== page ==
Wednesday, May 1, 2013

Comfortable in Your Own Skin

Apparently, when I was a little girl, I decided to run out of the house and down the street naked. The older boy who lived across the street found me and delivered me home.  My husband has similar stories, although in his stories, the police are involved.  It seems that the cops were less busy in his hometown than mine.  At any rate, it turns out that kids like to be naked.  A LOT.

Since Asher has been potty trained, there has been a lot more naked time than before.  Part of this is because we don't worry about accidents all the time, but most of this is because we are a bit lazy--we don't have to help him with his pants every time he gets the urge if the pants are already off.  This leads to a lot of--ahem--self-exploration.  It turns out that toddlers like to touch themselves, and since they don't have the social training we do when we are older, they do it a lot, right out in the open for all to see.  As much as I understand the biologic reasons for all for all of this, it makes me undeniably uncomfortable.

Fast-foward to yesterday when I got home from work and sat down on the stairs to talk to Asher about his day.  Immediately, he flipped up my skirt to look for my (non-existent) penis.  This was a moment only slightly less embarrassing than the time my bikini top flew off on a waterslide when I was in high school (not sure who saw that, and, frankly, don't want to know, so if you were there, please keep the truth to yourself).  What is a mommy to do?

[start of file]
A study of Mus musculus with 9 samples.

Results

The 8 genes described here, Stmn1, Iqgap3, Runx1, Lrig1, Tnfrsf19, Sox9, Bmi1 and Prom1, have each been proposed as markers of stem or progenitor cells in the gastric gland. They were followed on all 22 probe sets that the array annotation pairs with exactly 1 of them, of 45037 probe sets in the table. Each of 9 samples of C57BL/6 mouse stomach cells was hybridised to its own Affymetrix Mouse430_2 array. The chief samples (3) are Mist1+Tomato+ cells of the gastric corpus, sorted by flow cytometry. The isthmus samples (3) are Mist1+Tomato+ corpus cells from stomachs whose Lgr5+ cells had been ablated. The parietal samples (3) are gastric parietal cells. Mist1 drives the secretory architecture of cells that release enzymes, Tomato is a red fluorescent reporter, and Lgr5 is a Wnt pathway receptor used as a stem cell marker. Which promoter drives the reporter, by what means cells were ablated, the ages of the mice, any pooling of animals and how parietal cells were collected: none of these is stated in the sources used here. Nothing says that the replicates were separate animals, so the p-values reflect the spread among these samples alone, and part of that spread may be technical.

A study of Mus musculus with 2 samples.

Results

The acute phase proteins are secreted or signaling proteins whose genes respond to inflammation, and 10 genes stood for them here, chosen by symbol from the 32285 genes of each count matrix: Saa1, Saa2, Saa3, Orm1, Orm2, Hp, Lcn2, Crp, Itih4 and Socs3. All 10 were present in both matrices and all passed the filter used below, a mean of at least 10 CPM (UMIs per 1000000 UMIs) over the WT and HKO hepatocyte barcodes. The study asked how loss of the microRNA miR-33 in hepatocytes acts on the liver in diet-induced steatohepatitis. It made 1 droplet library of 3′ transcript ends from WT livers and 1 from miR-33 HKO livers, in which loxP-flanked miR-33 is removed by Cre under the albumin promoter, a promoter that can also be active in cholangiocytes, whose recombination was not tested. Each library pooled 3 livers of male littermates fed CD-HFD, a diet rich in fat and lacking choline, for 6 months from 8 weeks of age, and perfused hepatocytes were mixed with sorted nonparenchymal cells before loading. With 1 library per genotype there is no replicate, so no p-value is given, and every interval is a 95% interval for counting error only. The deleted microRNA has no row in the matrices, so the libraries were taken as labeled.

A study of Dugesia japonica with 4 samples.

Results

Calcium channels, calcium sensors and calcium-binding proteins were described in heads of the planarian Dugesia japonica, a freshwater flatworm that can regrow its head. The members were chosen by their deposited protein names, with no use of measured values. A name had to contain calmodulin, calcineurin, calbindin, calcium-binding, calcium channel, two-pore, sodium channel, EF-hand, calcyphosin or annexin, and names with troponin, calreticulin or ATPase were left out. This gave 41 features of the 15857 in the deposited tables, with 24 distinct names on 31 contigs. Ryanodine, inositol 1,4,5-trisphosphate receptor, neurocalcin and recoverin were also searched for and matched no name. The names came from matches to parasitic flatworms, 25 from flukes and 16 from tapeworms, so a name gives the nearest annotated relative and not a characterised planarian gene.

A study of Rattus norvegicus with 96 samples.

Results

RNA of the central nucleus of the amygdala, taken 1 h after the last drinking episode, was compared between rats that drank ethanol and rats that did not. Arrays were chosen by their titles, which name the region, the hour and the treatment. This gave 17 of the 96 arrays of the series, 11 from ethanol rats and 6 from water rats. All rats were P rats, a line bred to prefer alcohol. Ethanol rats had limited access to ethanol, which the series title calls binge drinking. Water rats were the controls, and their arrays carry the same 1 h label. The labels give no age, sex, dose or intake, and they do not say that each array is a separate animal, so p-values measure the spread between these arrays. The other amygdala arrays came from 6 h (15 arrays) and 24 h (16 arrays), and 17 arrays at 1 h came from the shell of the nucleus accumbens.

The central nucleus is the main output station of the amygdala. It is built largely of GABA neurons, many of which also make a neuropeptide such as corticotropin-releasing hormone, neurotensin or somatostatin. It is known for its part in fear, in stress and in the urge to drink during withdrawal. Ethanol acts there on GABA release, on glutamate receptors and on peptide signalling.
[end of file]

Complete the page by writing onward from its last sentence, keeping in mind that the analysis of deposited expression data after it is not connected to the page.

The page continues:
Clearly, I am no expert on child-rearing, but my work has taught me one huge thing: teach your children the names for their parts.  I saw a teenager the other day who had some concerns, and her pediatrician had told her that it was "just her fluff."  I was totally perplexed as to what the issue might be (not to mention somewhat horrified that she couldn't explain it better).  Kids need to know what things are called so they can communicate effectively and they need to know that their parents support this verbiage.  As awful as it sounds, if your child is abused in some way, s/he needs to be able to express what happened and feel comfortable talking to you about those parts.  

It becomes more complicated and uncomfortable when your child wants to talk about YOUR anatomy.  I don't have an educated answer to that.  But I do know that if you take a deep breath and explain things simply and logically, you'll probably get the point across without making it too big a deal.  My explanation: "Asher and Daddy have penises.  Mommy doesn't."  This seemed to do the job.   A friend just asked if Asher also knows about vaginas, and no, he does not, but my guess is that he will soon enough, given the kind of phone conversations I have from home when I'm on-call.  I'm sure we'll take the same no-big-deal approach to that one.

The bottom line is that we all need to be comfortable talking about our bodies.  It is uncomfortable for parents to talk about all of this stuff with their kids, but it is vitally important.  It has nothing to do with sexuality--that comes later--but everything to do with being familiar with your own body and being able to care for it.  Verbal communication is probably the most defining human characteristic, which means that we need to be able to talk about who we are physically.

Tonight Asher looked at me, both of us fully clad, and said, "Mommy, no penis."  Yes, my little buddy, you speak the truth.